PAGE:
These days, everyone talks about empowering principals, teachers, and parents at the school level, but when push comes to shove (and mid- and upper-level bureaucrats face the prospect of giving up power and control) it ends up being more talk than action (i.e. it's not in the bureaucrats' self-interest to loosen the grip.) This is a major theme in my new book.
Why will this reorganization be any different? And why should teachers and parents be as optimistic as The Chalkboard thinks they should be this time around? If you listen carefully, you'll notice that Klein understands that you can't push power downward to the school level without a bunch of ball-busters on board. I'm talking about people who truly understand the concept of empowering entrepreneurial school leaders and staffs to control their destinies, and who can look into the eyes of well-respected big-wigs in the Department of Education and remind that they are not as powerful as they used to be in the old world order.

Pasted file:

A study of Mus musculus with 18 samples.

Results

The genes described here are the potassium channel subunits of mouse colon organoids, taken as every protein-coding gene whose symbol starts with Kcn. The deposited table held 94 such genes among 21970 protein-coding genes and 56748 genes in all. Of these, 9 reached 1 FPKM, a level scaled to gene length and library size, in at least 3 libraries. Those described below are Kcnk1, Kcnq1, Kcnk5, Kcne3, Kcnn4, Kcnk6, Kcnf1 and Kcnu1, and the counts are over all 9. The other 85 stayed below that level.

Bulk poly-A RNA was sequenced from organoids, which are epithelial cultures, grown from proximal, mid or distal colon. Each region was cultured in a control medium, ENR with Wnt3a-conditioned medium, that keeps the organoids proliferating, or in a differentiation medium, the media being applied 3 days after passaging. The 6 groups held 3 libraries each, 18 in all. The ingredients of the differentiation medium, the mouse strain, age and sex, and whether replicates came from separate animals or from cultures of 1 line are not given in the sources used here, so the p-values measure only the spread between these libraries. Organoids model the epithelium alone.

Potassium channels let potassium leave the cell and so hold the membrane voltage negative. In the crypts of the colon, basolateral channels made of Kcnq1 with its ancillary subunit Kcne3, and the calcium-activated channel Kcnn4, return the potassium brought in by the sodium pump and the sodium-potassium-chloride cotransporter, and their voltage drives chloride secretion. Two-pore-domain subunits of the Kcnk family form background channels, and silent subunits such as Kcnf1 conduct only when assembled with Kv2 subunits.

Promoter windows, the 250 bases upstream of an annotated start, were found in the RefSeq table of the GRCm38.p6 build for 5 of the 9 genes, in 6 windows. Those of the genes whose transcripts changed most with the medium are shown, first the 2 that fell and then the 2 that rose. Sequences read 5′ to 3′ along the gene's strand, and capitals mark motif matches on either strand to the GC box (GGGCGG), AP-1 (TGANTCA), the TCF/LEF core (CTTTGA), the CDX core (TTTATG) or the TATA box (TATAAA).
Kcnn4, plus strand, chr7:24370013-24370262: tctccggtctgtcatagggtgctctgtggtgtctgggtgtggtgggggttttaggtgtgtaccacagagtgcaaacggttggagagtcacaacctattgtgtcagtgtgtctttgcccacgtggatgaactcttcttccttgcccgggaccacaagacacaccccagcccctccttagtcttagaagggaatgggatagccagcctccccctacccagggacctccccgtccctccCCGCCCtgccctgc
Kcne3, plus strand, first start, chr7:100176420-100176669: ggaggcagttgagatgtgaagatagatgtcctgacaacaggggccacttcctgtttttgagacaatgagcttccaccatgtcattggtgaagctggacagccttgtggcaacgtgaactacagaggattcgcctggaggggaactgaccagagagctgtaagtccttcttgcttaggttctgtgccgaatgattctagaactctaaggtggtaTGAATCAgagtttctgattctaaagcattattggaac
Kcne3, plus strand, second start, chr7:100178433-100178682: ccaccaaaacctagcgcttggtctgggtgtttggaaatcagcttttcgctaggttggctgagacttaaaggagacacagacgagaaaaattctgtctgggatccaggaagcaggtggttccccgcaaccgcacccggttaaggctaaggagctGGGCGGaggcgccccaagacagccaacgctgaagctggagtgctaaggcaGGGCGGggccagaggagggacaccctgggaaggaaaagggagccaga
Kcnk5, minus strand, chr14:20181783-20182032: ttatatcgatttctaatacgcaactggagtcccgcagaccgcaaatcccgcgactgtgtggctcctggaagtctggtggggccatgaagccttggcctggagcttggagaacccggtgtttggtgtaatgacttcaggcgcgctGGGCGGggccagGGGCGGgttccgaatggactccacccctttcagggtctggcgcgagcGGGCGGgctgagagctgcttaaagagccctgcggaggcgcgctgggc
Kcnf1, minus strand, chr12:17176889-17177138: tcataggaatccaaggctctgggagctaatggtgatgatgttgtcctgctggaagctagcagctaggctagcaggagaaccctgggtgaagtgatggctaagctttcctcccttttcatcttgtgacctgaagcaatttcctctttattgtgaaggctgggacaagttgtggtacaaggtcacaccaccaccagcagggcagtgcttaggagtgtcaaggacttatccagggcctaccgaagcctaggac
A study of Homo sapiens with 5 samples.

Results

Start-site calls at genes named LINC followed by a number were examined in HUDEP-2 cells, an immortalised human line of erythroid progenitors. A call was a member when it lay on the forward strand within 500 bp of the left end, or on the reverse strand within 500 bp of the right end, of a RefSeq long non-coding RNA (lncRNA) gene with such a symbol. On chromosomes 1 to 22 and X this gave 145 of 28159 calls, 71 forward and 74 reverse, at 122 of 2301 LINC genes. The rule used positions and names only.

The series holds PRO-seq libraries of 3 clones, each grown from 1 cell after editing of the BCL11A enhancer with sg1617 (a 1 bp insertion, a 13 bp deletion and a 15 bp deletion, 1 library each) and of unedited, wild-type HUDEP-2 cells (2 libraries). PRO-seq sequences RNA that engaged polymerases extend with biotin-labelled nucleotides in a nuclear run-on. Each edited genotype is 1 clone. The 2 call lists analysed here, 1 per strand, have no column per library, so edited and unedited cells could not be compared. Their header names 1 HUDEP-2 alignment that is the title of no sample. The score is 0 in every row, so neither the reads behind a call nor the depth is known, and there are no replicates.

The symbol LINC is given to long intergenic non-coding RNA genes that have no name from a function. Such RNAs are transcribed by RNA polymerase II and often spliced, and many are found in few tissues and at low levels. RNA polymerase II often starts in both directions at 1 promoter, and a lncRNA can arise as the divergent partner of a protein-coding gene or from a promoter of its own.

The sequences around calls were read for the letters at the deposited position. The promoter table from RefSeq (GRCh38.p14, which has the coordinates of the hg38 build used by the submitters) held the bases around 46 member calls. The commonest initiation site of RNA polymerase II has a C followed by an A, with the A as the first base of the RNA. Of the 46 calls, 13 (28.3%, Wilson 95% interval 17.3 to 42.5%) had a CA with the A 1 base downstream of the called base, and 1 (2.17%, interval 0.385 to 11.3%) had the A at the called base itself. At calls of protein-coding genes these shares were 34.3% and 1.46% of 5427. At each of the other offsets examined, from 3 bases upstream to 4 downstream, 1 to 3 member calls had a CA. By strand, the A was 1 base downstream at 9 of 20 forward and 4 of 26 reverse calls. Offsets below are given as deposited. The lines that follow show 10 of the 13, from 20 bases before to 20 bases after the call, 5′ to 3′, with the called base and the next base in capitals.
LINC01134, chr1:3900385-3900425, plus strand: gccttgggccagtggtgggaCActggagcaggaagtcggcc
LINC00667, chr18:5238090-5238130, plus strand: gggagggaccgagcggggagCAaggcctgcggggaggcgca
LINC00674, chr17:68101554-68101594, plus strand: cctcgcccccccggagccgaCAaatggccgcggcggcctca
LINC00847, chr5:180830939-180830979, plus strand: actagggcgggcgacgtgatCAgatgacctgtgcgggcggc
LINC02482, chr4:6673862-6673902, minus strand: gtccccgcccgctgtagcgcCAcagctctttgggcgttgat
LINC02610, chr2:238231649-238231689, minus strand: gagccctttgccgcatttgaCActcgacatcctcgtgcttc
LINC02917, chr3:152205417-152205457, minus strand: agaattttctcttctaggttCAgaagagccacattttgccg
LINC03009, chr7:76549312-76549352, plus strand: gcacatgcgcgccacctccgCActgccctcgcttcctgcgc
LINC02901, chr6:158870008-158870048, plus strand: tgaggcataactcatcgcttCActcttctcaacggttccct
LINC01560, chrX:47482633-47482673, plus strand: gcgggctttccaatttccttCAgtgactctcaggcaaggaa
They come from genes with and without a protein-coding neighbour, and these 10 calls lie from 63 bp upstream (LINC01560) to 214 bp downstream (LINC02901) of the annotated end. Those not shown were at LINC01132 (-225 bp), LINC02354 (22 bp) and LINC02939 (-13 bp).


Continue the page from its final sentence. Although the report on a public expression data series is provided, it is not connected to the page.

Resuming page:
Remember, this plan requires rethinking how things work, i.e. the central and regional administrations exist to serve the educators, not the other way around, as is the current practice.
The best news coming out of this reorganization just may be the people Klein has brought on to help him move these bureaucratic mountains: Chris Cerf, a former Clinton administration staffer who most recently served as president and COO of Edison Schools (and a great guy, to boot) and the consulting firm Alvarez and Marsal, which was baptized in the cut-throat world of public school politics when it was hired to clean-house in the troubled and shockingly-bloated St. Louis Schools (and is now involved in restructuring the New Orleans schools.)
Read the NY Times story here, NY Post story here, NY Daily News here, and NY Sun here.